At a time when most theatres in the world are closed, Singapore will stage one of the first international arts festivals in the world to take place since the onset of the Covid-19 pandemic.
Featuring a bumper crop of new commissions and international work, both live and online, the Singapore International Festival of Arts (SIFA) will present over 60 shows and 300 performances, with artists from Switzerland, Australia, USA, Lebanon, Japan, Malaysia and Philippines performing alongside hundreds of Singaporean artists and freelancers within the 16-day festival period. SIFA 2021 will lead the way in showing what an international festival might look like in the future, with its format of live, hybrid, and digital programmes.
Festival Director Gaurav Kripalani says “This festival has been programmed as a response to everything we’ve been through and the environment we live in now. Streaming performances online was what a lot of us had to resort to during lock-down, which is less than ideal. What it did do though was spur my interest in exploring 3D, interactive and responsive technologies in relationship to performance, which I believe will become an integral part of the performing arts going forward. If we had to find a silver lining to Covid-19, it is that there is a far greater appreciation for the arts and a pent-up demand for live performances.”
Bringing the world to you
In a year when most people are unable to travel or attend a show in person, SIFA brings the world to its audiences through a curated line-up of work from game-changing artists from Singapore and beyond. It will showcase artists who have incorporated different technologies from lo-fi to high-tech to interact with audiences in real time; live performances in theatres, and shows where artists have collaborated across borders.
Highlights include the debut of one of the first Chinese-English modern adaptations of Chekov’s Three Sisters by New York-based SITI Company and Singaporean theatre group Nine Years Theatre, with SITI company actors appearing digitally whilst the Singaporean actors perform on stage; American dancer and choreographer Pam Tanowitz using remote-working technology to create a new piece as part of the three-part production The Rhythm of Us by Singapore Dance Theatre and Singapore Symphony Orchestra, who will be performing together live for the first time; and Sophia Brous presenting the world premiere of Invisible Opera in which she will perform live in Melbourne whilst interacting with audiences in a Singapore city square.
Celebration of live and life
SIFA 2021 will boast a rich line-up of live performances in various venues with new festival commissions and works by Singaporean artists, including first-time collaborations between major arts companies.
In addition to world premieres of The Year of No Return by The Necessary Stage, A Dream Under the Southern Bough: Existence by Toy Factory Productions, OIWA – the Ghost of Yotsuya by The Finger Players, which will feature both Singaporean and Japanese actors, there will also be the first stage collaboration between Pangdemonium, Wild Rice Theatre and Singapore Repertory Theatre, a hybrid concert by NADA and a VR immersive experience by The Observatory. The opening weekend of the Festival will also feature a tribute concert to celebrate Singapore jazz legend and 2018 Cultural Medallion recipient Louis Soliano.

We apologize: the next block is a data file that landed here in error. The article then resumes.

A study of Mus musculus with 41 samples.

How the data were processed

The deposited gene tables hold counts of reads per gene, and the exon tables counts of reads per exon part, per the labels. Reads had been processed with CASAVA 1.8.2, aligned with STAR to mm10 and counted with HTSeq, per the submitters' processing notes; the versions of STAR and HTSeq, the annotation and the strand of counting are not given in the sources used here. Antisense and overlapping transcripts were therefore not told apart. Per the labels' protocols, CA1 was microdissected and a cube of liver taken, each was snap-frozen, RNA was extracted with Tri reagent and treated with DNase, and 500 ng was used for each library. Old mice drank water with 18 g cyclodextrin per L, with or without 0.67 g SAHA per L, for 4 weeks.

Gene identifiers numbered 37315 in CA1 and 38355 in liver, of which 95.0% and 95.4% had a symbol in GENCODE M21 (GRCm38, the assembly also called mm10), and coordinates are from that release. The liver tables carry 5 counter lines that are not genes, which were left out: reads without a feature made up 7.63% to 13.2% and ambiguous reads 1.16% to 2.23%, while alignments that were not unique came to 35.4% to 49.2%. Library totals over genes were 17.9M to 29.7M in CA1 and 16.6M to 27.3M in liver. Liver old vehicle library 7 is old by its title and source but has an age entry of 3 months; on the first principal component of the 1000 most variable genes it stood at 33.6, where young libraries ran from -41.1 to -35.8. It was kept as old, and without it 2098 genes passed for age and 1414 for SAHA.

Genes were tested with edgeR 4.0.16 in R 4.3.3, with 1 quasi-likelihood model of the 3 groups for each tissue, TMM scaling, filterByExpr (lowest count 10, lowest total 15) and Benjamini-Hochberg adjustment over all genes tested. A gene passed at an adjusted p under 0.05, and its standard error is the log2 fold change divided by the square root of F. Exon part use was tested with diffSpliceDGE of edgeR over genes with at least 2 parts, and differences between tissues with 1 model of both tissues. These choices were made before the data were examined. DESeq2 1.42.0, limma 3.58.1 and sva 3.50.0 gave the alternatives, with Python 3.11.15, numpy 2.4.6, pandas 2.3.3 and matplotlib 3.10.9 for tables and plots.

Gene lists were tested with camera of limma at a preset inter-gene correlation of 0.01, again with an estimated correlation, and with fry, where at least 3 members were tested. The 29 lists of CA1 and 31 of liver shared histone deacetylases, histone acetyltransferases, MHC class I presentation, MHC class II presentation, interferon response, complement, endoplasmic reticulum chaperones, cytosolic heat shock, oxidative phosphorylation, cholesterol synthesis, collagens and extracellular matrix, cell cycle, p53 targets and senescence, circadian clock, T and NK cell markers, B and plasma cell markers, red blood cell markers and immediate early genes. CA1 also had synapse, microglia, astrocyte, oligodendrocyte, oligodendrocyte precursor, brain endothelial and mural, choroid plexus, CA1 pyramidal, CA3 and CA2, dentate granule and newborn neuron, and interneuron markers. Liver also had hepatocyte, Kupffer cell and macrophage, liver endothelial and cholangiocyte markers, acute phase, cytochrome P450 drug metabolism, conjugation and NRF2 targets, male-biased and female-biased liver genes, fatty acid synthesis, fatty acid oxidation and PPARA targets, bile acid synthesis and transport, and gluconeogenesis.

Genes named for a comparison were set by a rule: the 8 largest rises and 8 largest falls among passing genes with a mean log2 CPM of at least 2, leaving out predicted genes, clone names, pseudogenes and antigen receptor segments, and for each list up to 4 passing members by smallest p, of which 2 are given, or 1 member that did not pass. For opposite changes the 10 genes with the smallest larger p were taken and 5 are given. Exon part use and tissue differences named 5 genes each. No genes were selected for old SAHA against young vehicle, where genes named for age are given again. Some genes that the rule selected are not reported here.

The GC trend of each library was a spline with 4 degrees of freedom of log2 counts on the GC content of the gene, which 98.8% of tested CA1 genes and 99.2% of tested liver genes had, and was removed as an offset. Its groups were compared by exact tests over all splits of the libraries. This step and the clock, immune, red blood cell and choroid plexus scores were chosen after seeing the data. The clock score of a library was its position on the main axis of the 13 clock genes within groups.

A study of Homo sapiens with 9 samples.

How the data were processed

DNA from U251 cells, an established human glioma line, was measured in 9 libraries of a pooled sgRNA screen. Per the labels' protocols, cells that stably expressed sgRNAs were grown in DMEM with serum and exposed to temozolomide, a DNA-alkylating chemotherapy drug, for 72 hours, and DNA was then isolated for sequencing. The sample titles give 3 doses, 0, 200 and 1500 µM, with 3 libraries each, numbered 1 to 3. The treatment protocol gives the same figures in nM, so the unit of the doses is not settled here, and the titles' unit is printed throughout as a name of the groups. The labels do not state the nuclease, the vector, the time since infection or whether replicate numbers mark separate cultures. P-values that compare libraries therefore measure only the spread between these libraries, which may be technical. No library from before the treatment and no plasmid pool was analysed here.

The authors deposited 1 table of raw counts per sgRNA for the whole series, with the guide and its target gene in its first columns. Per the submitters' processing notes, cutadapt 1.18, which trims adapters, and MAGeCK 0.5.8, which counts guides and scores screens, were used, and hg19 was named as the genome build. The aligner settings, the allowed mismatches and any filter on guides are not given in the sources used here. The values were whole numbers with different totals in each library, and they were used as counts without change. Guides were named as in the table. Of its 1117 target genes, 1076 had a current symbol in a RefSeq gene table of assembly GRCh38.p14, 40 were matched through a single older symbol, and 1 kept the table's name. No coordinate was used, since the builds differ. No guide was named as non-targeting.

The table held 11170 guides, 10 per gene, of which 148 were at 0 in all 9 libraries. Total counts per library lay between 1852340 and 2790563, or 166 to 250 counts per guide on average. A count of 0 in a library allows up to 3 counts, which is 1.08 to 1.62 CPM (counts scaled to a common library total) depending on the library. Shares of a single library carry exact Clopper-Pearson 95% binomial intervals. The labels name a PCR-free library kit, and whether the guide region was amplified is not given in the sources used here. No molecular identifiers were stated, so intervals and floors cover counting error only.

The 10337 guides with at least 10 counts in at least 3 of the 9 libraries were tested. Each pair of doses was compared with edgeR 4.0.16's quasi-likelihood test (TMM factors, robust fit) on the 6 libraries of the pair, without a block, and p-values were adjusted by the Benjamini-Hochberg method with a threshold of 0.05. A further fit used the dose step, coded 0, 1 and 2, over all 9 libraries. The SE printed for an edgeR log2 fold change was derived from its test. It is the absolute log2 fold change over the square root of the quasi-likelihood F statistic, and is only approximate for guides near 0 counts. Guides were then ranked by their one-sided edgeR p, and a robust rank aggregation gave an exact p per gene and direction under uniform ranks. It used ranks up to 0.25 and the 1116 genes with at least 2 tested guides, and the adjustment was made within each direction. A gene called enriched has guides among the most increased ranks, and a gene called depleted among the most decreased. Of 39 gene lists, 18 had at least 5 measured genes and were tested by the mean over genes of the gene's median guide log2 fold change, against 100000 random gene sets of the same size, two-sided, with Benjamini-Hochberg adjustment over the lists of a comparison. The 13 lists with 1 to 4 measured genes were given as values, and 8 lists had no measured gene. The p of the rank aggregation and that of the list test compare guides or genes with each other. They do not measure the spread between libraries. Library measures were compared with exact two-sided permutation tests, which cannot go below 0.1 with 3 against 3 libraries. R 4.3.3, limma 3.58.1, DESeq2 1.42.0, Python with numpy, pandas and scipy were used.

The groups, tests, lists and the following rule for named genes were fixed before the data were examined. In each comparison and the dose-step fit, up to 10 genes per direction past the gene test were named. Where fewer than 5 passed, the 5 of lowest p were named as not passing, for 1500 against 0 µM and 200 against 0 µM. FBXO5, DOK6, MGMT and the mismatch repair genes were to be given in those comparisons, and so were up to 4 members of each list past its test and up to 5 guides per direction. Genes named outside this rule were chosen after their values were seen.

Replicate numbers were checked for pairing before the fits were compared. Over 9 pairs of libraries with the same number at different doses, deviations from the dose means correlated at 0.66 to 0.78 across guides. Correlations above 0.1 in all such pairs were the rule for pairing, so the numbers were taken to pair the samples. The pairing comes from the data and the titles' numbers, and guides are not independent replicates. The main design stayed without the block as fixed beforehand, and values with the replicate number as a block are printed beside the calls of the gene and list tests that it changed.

Connection, Compassion & Community
Care, compassion and climate change will be a central theme throughout the Festival House programmes. This will include performances related to self-care and healing; a weekend of works curated for toddlers, children and families that are related to climate change; and a concert series centred around compassion, which will feature various Singapore-based chamber ensembles.
Festival Director Kripalani added, “Art serves as a mirror to our time as well as a cathartic tool to help heal and give hope. The festival will be a moment for us all to commune after a period of isolation and I am incredibly proud that Singapore has SIFA, a high-quality platform of curated experiences and shows to meet different passion points.”
Arts House Limited Executive Director Tan Boon Hui says, “Based in New York throughout 2020, I saw at first hand the devastation the pandemic had on the arts scene with all live performances ceased and theatres closed. Both artists and audiences were out of work and cut off from the joys and consolations of art during this time of desolation. We are truly fortunate in Singapore to have the opportunity to experience the live arts at this moment. Gaurav’s final festival is one of hope, a signal for how art can help in the recovery of our society by bringing people together in theatres, concert halls as well as the virtual halls of the digital realm. It is a beacon for the new worlds of artistic presentation that are being forged by artists here and abroad in the wake of the pandemic.”
Deputy Chief Executive (Sector Development), National Arts Council (NAC), Low Eng Teong, says, “We celebrate the resilience of the arts community as we saw how quickly they had adapted to put together an online showcase last year, allowing audiences from around the world to experience the best of performing arts. Even with the ongoing pandemic, the arts continue to bring people together as we remain safely apart. With SIFA 2021, we look forward to sharing meaningful arts experiences through works created by Singapore and international artists. As festival programmes thread across both physical and digital platforms, more audiences can now come together to enjoy and experience the arts, safely.”
SIFA 2021 is organised by Arts House Limited, commissioned by the National Arts Council, and part of the #SGCultureAnywhere campaign.